Parts of the original Tappan Zee Bridge that stood over the Hudson from 1955 to 2017 will be dispersed between six artificial reefs off the coast of Long Island.
Parts of the original Tappan Zee Bridge that stood over the Hudson from 1955 to 2017 will be dispersed between six artificial reefs off the coast of Long Island. (Wikimedia)

For more than 60 years, the original Tappan Zee Bridge served as a connector over a New York waterway, and now parts of the still-being-demolished structure are heading under the surface to become part of an artificial reef off Long Island.

 

Starting this week, concrete and steel from the original Tappan Zee Bridge will be dispersed via barge between six artificial reefs off the coast of Long Island, The New York Times reported, and around 30 other barges will follow through early fall.

 

The old Tappan Zee will be sunk alongside decommissioned vessels from the Erie Canal and other upstate waterways as well as scrap materials from other transportation projects across the state.

 

State officials told the Times that all the materials that will be used for the artificial reefs will be cleaned before they are put underwater. The cost to transport the materials to the reefs is estimated to be around $5 million, which is being covered by Tappan Zee Constructors, the private firm that built the new span, as well as the New York State Power Authority.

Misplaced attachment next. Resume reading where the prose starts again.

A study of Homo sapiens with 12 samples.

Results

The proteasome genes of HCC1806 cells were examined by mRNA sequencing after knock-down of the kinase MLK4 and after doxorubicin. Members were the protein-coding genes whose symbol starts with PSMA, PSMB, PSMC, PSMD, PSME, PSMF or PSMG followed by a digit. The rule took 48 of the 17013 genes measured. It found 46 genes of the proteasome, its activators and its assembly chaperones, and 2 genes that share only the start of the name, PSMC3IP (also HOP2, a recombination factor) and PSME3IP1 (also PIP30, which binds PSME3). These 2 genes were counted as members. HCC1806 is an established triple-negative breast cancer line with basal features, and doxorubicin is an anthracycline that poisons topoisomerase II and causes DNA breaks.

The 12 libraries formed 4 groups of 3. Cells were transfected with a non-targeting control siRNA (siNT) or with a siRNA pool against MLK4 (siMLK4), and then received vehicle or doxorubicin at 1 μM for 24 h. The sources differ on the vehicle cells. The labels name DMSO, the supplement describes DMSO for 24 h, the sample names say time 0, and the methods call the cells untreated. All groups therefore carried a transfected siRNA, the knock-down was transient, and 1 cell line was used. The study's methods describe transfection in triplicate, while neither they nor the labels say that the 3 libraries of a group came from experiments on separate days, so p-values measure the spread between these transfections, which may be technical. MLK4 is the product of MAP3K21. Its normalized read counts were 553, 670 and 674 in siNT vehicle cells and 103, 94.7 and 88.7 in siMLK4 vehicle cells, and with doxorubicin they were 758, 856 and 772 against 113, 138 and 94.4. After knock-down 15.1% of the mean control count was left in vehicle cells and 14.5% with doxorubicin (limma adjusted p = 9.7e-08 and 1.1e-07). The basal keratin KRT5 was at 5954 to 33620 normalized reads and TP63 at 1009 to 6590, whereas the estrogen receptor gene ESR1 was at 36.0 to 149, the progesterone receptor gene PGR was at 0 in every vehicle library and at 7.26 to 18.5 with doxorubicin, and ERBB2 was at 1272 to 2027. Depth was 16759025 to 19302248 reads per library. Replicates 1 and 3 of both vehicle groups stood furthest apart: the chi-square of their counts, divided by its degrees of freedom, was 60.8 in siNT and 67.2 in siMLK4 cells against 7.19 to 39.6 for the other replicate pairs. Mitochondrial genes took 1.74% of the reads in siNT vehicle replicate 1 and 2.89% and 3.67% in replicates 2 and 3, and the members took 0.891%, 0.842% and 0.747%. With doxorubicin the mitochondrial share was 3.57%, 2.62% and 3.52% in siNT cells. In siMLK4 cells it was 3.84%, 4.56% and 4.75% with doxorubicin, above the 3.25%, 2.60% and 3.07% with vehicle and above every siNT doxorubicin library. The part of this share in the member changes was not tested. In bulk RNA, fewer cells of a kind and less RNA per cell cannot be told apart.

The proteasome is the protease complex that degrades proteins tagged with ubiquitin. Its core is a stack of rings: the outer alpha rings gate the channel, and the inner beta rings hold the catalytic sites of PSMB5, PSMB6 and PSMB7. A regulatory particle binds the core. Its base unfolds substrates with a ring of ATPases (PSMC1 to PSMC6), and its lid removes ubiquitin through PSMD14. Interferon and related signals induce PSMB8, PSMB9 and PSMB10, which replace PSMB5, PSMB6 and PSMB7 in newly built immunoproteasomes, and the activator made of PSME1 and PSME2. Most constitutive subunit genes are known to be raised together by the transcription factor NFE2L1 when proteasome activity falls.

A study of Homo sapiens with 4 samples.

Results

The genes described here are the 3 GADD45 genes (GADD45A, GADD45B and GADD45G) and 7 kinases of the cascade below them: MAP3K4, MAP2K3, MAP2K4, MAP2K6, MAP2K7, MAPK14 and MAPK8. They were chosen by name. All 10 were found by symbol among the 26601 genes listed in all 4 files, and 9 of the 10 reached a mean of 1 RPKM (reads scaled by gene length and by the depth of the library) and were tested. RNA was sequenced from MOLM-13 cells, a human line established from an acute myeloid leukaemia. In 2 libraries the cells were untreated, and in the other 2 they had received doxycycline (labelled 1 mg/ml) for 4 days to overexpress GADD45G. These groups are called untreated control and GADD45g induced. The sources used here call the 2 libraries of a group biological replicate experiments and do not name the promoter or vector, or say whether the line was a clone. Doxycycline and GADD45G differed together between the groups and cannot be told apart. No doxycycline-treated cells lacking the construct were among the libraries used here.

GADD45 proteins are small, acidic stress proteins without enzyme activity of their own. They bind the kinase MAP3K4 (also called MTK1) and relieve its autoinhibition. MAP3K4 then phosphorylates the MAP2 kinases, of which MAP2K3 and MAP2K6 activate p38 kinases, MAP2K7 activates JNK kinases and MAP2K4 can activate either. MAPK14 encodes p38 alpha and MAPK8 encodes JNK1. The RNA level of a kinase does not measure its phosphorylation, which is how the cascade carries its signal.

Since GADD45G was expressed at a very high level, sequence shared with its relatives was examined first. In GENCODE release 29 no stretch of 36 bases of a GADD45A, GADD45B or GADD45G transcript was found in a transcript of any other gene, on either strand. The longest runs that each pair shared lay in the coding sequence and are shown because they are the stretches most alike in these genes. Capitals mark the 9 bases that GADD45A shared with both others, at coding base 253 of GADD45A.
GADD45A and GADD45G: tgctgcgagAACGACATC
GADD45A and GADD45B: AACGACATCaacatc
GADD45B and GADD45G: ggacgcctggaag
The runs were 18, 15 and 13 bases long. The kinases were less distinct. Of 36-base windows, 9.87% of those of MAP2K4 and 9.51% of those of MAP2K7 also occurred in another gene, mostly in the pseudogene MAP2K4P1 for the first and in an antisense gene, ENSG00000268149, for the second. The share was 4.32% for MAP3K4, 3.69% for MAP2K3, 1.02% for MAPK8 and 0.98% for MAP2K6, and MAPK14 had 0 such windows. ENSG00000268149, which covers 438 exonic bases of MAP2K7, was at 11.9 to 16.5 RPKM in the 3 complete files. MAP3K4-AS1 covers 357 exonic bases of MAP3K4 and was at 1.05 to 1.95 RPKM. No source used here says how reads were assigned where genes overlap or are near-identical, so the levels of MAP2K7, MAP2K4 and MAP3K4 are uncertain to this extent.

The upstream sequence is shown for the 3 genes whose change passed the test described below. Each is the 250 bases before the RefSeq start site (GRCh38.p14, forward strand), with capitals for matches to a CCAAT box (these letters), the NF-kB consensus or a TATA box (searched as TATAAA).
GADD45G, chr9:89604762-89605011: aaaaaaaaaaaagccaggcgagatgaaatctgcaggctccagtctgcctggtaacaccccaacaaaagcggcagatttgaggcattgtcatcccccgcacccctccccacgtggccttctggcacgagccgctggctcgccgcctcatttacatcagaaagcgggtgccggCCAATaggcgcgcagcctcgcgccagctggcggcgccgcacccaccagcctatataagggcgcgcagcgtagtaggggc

The move to recycle the former bridge expands a state-mandated artificial reef program that maintains 12 such reefs across the state; there are two in Long Island Sound, eight in the Atlantic Ocean and two in Great South Bay between Fire Island and Long Island.

 

Other portions of the original Tappan Zee Bridge will be sent to scrap yards and recycling centers, while some materials have been repurposed for infrastructure projects by counties and the state’s Department of Transportation.

The Tappan Zee Bridge stood over the Hudson River from December 1955 to October 2017, when it was replaced by the new, $4 billion span also called the Tappan Zee Bridge and subsequently began being dismantled. At three-miles long, the new structure remains the longest bridge in New York state.

It is officially named Gov. Mario M. Cuomo Bridge after the former governor, who served three terms in office from 1983 to 1994. Cuomo, the father of current Gov. Andrew Cuomo, died in 2015.